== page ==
The most successful of the early Russian armoured vehicles was the Russo-Balt line of armoured vehicles. Most of them mounted machine guns, but a few mounted cannon.
The first and most popular car produced by Russian-Balt was the Type C – the heir to the Belgian Fondu 24/30hp. The Russo-Balt C was repeatedly modernized, with increases in power, upgraded frame and springs, and improvements to radiators, gearboxes and other components. By 1914, the vehicles being produced were the Russo-Balt Type C 24/40hp 18 Series, where the two-part model number denotes the nominal engine power and the maximum engine power. The 4.5-litre four-cylinder engine could propel passenger versions of the vehicle to 75-80 km/h.
With the outbreak of war, seven chassis were sent to St. Petersburg to the Izhora Factory, which served as the basis for a proposed fleet of Russian armoured cars.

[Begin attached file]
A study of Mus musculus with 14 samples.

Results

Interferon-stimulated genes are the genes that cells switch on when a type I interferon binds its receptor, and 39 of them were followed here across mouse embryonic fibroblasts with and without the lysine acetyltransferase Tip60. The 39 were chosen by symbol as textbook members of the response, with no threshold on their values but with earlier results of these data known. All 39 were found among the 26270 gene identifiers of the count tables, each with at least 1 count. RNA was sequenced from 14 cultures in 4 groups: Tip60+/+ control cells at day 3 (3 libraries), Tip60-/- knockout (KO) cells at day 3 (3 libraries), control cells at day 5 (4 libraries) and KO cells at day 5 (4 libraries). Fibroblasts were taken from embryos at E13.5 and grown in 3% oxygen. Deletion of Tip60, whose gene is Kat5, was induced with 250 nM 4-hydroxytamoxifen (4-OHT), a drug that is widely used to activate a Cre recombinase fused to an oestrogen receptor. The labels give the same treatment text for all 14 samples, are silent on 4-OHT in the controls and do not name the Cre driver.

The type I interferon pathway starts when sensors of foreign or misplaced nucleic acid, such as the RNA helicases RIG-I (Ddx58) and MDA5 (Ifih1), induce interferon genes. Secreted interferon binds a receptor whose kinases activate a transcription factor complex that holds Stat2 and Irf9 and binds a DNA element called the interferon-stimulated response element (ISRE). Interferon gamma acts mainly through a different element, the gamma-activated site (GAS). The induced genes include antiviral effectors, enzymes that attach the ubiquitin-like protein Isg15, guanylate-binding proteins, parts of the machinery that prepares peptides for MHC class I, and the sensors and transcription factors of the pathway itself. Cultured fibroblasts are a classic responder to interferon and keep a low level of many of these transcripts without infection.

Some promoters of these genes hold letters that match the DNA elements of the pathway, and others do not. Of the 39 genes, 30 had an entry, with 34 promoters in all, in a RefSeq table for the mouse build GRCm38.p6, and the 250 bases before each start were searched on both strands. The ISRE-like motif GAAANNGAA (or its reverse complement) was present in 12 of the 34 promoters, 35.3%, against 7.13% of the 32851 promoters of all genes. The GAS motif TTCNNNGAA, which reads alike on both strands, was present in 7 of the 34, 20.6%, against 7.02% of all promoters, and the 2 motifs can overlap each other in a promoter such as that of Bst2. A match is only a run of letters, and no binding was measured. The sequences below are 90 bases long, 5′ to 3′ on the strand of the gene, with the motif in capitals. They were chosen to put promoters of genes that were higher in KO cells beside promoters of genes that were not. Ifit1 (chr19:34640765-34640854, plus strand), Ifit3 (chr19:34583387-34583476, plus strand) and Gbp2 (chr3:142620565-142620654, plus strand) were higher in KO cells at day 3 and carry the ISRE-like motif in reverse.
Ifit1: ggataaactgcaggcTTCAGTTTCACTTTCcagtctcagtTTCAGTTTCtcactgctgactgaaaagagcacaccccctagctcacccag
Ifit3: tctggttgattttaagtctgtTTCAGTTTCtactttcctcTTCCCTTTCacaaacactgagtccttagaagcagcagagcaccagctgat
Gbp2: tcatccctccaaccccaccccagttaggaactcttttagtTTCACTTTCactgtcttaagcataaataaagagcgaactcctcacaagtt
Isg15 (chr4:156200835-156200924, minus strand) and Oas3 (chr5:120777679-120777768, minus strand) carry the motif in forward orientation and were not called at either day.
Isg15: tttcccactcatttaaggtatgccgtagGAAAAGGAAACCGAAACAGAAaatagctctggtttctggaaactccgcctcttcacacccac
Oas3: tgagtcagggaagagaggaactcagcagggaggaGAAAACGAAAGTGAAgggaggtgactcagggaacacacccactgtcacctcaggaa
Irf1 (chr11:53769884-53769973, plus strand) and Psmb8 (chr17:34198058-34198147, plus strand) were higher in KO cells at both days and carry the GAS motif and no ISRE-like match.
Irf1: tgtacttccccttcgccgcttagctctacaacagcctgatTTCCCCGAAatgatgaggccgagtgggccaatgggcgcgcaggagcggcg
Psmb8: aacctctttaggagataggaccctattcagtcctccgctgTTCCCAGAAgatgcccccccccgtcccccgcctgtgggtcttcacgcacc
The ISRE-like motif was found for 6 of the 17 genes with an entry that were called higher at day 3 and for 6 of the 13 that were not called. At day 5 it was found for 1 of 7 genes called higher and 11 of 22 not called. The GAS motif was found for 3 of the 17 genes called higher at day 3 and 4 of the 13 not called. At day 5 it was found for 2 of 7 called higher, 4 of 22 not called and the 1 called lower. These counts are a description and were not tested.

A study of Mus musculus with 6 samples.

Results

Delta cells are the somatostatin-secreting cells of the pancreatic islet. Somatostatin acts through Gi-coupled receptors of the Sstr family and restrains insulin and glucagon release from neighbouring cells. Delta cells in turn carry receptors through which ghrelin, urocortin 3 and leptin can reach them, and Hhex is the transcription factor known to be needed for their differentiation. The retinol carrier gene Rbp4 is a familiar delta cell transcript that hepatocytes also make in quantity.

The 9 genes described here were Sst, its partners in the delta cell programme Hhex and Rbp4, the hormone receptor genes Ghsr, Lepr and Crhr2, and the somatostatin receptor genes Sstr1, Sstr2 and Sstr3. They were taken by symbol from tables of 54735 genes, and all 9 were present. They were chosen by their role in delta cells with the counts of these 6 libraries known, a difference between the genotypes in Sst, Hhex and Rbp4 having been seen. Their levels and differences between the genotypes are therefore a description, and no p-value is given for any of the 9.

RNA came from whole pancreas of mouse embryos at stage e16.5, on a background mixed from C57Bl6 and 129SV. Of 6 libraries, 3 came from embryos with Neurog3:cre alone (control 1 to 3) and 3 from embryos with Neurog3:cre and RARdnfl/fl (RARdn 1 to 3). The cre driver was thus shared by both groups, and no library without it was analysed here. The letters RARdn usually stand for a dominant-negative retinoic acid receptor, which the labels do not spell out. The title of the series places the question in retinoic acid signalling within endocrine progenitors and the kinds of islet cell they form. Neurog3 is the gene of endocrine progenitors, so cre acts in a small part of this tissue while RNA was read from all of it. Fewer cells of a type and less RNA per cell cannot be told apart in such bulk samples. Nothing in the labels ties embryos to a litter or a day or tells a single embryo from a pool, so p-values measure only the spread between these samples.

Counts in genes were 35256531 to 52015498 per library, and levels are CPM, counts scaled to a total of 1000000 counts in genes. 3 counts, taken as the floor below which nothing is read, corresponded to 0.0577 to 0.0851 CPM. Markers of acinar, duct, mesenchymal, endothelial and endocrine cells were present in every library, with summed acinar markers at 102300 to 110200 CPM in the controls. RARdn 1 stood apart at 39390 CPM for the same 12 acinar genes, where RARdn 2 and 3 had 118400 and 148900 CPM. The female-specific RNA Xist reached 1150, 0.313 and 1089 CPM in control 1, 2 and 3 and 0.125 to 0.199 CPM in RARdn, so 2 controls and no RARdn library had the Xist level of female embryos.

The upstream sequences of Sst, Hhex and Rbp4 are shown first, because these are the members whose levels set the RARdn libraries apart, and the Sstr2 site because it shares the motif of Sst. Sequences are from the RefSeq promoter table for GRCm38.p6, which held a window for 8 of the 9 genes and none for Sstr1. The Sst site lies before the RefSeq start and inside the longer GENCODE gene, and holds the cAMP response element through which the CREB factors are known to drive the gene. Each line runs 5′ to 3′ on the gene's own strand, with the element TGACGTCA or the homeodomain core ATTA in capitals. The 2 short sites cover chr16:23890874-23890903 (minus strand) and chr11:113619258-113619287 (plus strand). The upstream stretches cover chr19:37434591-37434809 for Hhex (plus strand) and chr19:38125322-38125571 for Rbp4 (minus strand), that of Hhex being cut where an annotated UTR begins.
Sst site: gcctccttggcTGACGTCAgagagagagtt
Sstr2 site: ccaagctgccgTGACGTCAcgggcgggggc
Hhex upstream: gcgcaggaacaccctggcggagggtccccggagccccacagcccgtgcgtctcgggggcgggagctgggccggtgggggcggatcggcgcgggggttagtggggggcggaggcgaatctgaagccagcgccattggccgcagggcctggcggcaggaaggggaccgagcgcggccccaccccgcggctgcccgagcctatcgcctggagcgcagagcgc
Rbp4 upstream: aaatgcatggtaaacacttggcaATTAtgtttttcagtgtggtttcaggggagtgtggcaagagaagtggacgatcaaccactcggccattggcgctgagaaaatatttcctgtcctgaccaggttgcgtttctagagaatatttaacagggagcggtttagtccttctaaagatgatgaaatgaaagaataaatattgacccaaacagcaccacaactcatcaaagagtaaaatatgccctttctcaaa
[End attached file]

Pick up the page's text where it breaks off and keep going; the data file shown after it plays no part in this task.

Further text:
Each vehicle was equipped with three 7.62-mm Maxim machine guns in a triangle arrangement that allowed them to fire on potential targets with at least two guns at a time. Two guns were fixed in the hull sides, and the third gun, mounted in the rear, could be switched from side to side as well as deployed against aerial targets through an opening in the hull roof.
One of the remarkable engagements for the Russo-Balt armoured cars occurred on Feb. 3, 1915, when four of the cars moved forward along the Belskoe Highway toward the village of Tsiulkuvla and encountered three battalions of enemy infantry. With their own infantry support more than 10 kilometres behind them, armoured cars of the second and third platoons nevertheless opened fire on the enemy, immediately causing confusion and panic among their ranks. Targeted by German artillery, one Russian gunner was killed, and three of the armoured cars were immobilized, but the enemy infantry retreated.
The First Auto-Machine Gun Company was in continual active service from 1914 until September 1916, when it was reorganized into the First Armored Division in the 42nd Army Corps. It served in Finland until 1917 and was sent to the Northern Front near Dvinsk shortly before the Russian Revolution.
Russo-Balt armoured cars were involved in the civil war in Russia, and in 1921, one Russo-Balt served at the Tank Training Brigade School, and another served with the Red Army until 1923.